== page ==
From Mary Poppins to “Good Soil” — making the world a better place

This week’s guest writer is Anna-Marie Janzen, Public Engagement Adviser for Good Soil, a special campaign officially launched by the Canadian Foodgrains Bank today, March 25, 2015, and supported by MCC. Originally from BC and now living in Winnipeg, Anna-Marie is a passionate social justice advocate who sometimes pines for the West Coast.

I had my political awakening when, as a child, I watched Mary Poppins and was introduced to my fore-mothers, the suffragettes. I have been fascinated with political process ever since. I clearly recall my disappointment in 2005 when some of my friends could vote in the BC provincial election, but I could not, as I was not yet 18. I was so excited to vote in subsequent elections that the Elections Canada volunteers always asked if it was my first time to vote.

Women's votes in CanadaParticipating in the democratic process is not something I have ever taken lightly. While I recognize that our political system is not perfect, I nonetheless consider it a privilege to participate. That I, as a woman, have a voice in the running of my country is a recent privilege, not enjoyed by all people in this world. It hasn’t even been 100 years since Canadian women (and then only European-Canadian women) could vote and were considered “persons” of this country. Canada’s indigenous peoples only got the vote in the 1960s. Therefore, I believe that it is my responsibility to use my voice to better my country and the world, in the names of my suffragette mothers and all those who have been denied this privilege.

Beyond casting a ballot, there are two important ways I like to participate. First, by encouraging my peers to also care about political processes (a very difficult task, trust me). And second, by communicating with elected representatives directly. Throughout my voting life, I have tried to be diligent in communicating with my Member of Parliament, the Prime Minister, and other applicable ministers on issues I care deeply about and areas I feel our government can improve. This has ranged from the crime omnibus bill to climate change mitigation, from the arms trade to increasing our international aid budget.

70 percent of people who do not get enough to eat are farmers.

70 percent of people who do not get enough to eat are farmers.

It is not surprising, then, that I find myself in a job working on exactly these points. I am currently the Public Engagement Adviser for Canadian Foodgrains Bank’s new advocacy campaign, Good Soil, which officially launches today, March 25, 2015. My task is to mobilize Canadians to exercise their political voice. Specifically, I am asking Canadians to communicate with their elected officials on increasing Canada’s aid support for small-scale farmers in developing countries.

Engaging our elected representatives is not only a privilege for us to honour as citizens, it is also a calling we have as Christians. Jesus spent his public ministry advocating for impoverished and marginalized people. He challenged the ruling forces, and called us to love our neighbours. What better way is there to show our love for our neighbours than by doing what we can to ensure that they get the opportunities to live their lives to the fullest extent, free of hunger, poverty and oppression? We can do this, in part, by influencing the policies and priorities set by our own government.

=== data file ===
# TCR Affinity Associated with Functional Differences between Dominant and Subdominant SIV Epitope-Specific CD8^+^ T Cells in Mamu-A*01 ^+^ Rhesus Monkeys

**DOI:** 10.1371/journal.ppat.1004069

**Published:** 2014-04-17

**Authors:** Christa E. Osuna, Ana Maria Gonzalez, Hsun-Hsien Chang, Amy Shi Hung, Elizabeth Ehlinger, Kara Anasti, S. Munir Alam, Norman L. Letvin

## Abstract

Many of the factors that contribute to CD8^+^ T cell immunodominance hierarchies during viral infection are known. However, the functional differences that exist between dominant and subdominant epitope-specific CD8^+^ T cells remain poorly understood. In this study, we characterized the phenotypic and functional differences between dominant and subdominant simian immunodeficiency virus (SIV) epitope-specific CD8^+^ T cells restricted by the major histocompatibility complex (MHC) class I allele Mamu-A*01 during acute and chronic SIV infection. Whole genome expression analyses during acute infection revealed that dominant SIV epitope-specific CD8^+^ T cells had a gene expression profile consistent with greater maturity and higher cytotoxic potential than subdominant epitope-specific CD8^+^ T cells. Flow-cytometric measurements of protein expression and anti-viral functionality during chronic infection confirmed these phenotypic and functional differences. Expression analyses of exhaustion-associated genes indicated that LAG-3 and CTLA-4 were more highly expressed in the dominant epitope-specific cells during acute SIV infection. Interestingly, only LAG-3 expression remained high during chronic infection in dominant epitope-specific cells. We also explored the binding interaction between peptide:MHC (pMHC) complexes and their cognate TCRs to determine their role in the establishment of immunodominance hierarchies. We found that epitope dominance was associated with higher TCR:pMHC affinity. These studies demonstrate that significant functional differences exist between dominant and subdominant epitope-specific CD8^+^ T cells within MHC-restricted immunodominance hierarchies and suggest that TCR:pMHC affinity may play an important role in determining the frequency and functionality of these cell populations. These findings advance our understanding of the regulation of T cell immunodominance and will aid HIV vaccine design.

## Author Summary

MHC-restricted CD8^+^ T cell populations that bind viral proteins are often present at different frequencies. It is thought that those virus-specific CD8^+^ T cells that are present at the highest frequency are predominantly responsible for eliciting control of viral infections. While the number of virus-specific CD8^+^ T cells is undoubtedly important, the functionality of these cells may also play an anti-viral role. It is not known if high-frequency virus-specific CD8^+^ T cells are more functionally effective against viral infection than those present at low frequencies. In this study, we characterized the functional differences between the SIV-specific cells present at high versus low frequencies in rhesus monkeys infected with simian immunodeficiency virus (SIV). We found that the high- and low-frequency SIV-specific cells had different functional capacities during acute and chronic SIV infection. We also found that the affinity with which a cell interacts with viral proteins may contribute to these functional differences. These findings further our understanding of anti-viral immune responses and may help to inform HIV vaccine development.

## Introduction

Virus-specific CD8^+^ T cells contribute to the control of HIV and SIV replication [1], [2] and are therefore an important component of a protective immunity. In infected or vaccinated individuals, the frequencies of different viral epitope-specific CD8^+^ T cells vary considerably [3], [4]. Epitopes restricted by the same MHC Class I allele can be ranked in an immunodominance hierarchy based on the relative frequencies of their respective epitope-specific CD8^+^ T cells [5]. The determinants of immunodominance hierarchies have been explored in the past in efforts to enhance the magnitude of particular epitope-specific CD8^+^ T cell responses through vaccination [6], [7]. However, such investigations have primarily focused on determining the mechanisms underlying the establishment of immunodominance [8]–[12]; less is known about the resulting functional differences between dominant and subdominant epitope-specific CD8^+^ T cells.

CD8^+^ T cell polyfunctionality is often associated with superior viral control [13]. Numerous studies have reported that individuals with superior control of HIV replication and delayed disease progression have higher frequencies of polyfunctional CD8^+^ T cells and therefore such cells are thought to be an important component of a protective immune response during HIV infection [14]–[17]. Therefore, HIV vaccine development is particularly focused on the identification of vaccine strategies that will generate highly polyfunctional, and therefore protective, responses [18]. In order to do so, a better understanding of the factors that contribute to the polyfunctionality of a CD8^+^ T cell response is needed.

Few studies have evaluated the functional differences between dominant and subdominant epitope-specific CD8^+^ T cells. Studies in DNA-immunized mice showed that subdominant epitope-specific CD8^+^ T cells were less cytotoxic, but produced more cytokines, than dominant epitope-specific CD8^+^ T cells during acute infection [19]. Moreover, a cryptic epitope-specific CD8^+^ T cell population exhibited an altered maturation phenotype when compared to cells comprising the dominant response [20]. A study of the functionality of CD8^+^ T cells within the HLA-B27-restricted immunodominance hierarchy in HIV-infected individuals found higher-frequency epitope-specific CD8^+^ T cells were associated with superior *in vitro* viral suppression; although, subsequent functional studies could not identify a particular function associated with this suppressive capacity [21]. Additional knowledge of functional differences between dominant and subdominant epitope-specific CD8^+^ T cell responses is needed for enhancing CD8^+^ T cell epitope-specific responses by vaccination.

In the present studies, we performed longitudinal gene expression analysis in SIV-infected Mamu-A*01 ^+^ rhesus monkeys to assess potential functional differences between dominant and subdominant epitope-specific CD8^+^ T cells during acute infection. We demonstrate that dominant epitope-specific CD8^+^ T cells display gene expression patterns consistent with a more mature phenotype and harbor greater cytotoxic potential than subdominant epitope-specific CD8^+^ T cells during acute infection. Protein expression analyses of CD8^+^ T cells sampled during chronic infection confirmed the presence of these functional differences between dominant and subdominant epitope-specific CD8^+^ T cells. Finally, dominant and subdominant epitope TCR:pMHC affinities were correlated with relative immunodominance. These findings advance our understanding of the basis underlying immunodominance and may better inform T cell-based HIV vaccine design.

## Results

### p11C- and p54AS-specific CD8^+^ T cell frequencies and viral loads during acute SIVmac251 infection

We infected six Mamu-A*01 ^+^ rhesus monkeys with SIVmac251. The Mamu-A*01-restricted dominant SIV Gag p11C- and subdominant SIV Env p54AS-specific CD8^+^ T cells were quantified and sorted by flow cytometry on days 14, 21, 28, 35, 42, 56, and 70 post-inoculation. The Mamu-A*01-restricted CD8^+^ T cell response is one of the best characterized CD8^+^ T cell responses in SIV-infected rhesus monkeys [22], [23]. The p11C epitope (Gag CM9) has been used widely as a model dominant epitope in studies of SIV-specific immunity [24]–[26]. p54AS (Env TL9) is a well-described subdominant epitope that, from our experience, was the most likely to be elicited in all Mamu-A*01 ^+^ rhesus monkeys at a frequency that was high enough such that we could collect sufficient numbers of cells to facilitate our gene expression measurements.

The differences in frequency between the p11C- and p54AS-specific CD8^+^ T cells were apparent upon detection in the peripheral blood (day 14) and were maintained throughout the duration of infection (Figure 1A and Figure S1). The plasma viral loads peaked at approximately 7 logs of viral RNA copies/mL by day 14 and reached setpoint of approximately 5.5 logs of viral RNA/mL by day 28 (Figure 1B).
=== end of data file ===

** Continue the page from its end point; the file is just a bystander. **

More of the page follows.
70 percent of people who do not get enough to eat are farmers.

70 percent of people who do not get enough to eat are farmers.

One of the key ways to help improve the lives of people who regularly experience hunger is by increasing Canada’s official development assistance for agricultural in the developing world.  When focused on small-scale farmers, investments in agriculture can have a huge impact. Such investments can reduce poverty and hunger, improve health and nutrition, empower women, benefit the environment, and build inclusive economies.

We have elected representatives making decisions for our country, and our voices matter to them. They cannot represent us if we do not express our values and opinions. As Canadian citizens, we have the ability to influence how Canada supports the world’s small-scale farmers. We can use our voices to let our government know that this is what we want for our country and our world.

Ours may not be a perfect political system, but it’s a system we can use to make our world a better place.

Please join the Good Soil campaign! Visit for more information and tools to add your voice on this issue.


One thought on “From Mary Poppins to “Good Soil” — making the world a better place

  1. Thanks, Anna-Marie, for the reminder to exercise our right, our privilege, to speak out on the things that matter to us, and to advocate for those who do not have the same privileges.